A while back I wrote about how research can be important, and idea-provoking, when it comes to writing fantasy. The gut reaction might be that writing fantasy means you can just make everything up as you go along. It’s not that simple, but one of the joys of writing fantasy is the freedom it gives you to mold the world your story is set in to the needs of the story itself. That’s why questions like this bug me:
That’s from one of the fantasy author Facebook groups I’m in. I chimed in asking for more information about what kind of time period we’re talking about, since the kind of rigorous border regulation we know today is a fairly recent invention. But more than that, I asked what the writer’s story needed? After all, it’s fantasy, so why be bound to mundane reality?
I think that when it comes to worrying about research in fantasy it comes in two flavors. One is research for inspiration – you’re not looking to see how things are or were done in order to have your characters do the same thing, but you’re trying to spark your own creativity. The most obvious case of this is reading history, which is full of bizarre and compelling story fuel that can be molded to fit just about whatever world your telling your story in.
An example of this is one I’ve mentioned before – the basic arc of The Water Road trilogy was inspired by reading about Napoleon’s 100 Days and thinking about how he was handled – exiled only to return – sounded like something that would happen to the bad guy in a fantasy series. What actually takes place in The Water Road is very different, but the bones of it are still there.
The other situation is the one where I think people get hung up sometimes, that is doing research about the right or correct or “accurate” way to do something. That’s a situation where you need to have a character do something or have something happen to the character and you want to make sure it feels right. That kind of research is good and necessary – you can’t really write fantasy without any research (including as “research” here knowledge you’ve already obtained) – but it’s important not to let the reality overwhelm the story.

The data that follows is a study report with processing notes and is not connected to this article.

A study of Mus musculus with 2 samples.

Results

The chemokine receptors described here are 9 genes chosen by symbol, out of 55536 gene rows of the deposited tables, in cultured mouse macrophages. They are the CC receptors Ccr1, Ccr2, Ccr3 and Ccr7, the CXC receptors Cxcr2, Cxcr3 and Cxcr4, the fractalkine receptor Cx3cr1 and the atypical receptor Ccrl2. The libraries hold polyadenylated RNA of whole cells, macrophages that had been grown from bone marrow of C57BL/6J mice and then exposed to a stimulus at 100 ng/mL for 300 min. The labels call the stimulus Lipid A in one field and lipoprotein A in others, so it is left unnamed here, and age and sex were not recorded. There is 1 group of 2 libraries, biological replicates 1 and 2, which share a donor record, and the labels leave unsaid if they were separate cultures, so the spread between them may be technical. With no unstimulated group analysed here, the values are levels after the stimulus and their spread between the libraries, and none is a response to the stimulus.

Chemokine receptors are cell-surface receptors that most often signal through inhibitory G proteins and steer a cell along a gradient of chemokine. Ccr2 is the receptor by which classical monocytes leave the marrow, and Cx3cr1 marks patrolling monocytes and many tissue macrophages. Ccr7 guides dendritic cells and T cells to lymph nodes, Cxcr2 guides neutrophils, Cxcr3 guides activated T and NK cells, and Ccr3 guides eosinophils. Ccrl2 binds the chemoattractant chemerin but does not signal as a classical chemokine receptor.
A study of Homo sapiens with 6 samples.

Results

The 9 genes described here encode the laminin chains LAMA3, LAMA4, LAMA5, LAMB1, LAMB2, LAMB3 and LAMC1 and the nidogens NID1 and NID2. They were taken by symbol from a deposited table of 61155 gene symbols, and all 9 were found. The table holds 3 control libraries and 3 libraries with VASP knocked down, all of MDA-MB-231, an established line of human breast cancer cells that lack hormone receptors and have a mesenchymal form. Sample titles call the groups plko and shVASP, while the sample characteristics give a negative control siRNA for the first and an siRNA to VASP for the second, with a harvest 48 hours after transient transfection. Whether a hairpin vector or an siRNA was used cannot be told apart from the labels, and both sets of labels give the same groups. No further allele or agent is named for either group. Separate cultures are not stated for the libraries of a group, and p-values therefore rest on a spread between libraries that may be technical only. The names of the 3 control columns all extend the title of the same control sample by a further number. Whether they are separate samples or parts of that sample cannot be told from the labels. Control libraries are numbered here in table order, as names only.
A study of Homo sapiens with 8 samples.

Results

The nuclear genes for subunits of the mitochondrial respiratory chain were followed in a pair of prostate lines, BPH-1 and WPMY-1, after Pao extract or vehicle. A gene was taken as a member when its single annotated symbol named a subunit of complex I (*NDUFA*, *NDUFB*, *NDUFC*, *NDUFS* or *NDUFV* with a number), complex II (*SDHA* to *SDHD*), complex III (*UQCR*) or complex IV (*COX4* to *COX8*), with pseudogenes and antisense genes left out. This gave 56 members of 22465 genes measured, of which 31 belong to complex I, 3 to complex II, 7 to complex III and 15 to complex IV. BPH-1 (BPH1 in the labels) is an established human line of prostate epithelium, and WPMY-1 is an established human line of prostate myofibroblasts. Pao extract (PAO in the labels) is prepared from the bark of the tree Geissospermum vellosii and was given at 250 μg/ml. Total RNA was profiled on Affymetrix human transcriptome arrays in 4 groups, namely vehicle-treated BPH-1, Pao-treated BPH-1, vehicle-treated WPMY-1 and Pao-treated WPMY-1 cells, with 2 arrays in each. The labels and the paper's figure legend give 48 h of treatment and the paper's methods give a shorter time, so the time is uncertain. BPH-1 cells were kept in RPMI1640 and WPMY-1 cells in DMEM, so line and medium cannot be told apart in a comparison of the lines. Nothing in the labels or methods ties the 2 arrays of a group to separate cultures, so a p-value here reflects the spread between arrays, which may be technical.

As an example, the world of Gods of the Empire includes steam-powered autocars (of course it does, it’s steampunk!), but they’re mostly toys of the rich. So as part of his travels Aton gets to ride in one and I wanted to have a scene where he observed the startup of one of these things, to capture the kind of Rube Goldberg beasts that they are. I did some scrounging and found a very good video of someone going through the startup for an restored Stanley Steamer, originally built around 1911:
Cool, huh? It provided some great details that I was able to put into that part of the book, but I didn’t just take down what the guy did in the video and transport it to the book. Why? For one, while providing a glimpse of the startup routine is a nice way of deepening the world building it’s a grace note on the overall story, not a subplot – I didn’t want to divert for that long. For another, the character in my book wasn’t starting a Stanley Steamer, but rather a similar vehicle in a different world with differing technologies. In other words, I was only concerned about being accurate to my world, not the real world.
Research while writing fantasy is kind of like the old saw about knowing the rules of writing (or any artistic endeavor). It’s not important to know the rules to slavishly follow them, but it is important to know them so that when you break them you can think of why you’re breaking them and to what effect.
Say, for example, you want to have a two-feet-tall sprite in your story wield a long steel broadsword. Physics tell you that in the real world (assume a real world with sprites, people) that wouldn’t work – the sword is too big and too heavy for the sprite to pick up, much less wield. Does that mean it can’t happen because it would not be “accurate.” No! This is fantasy – anything can happen, if you want it to, but you need to figure out how, in your world, such a thing is possible. Maybe the sword is enchanted and can be wielded by anyone who is worthy? Maybe sprites are supernaturally for some cool reason in your world? It doesn’t matter, so long as you realize that some fanstaticking is going to have to happen.
Which, after all, is the point, right? One different between science fiction and fantasy is that fantasy is really only limited by your imagination. Sci-fi, at least in theory, is tethered to the realities of the real world, however much one can extrapolate from them. Fantasy not only lets you think outside the box, but blow up the box completely. It’s a great power to have, being able to mold the world to fit your story – why shouldn’t you use it every chance you get?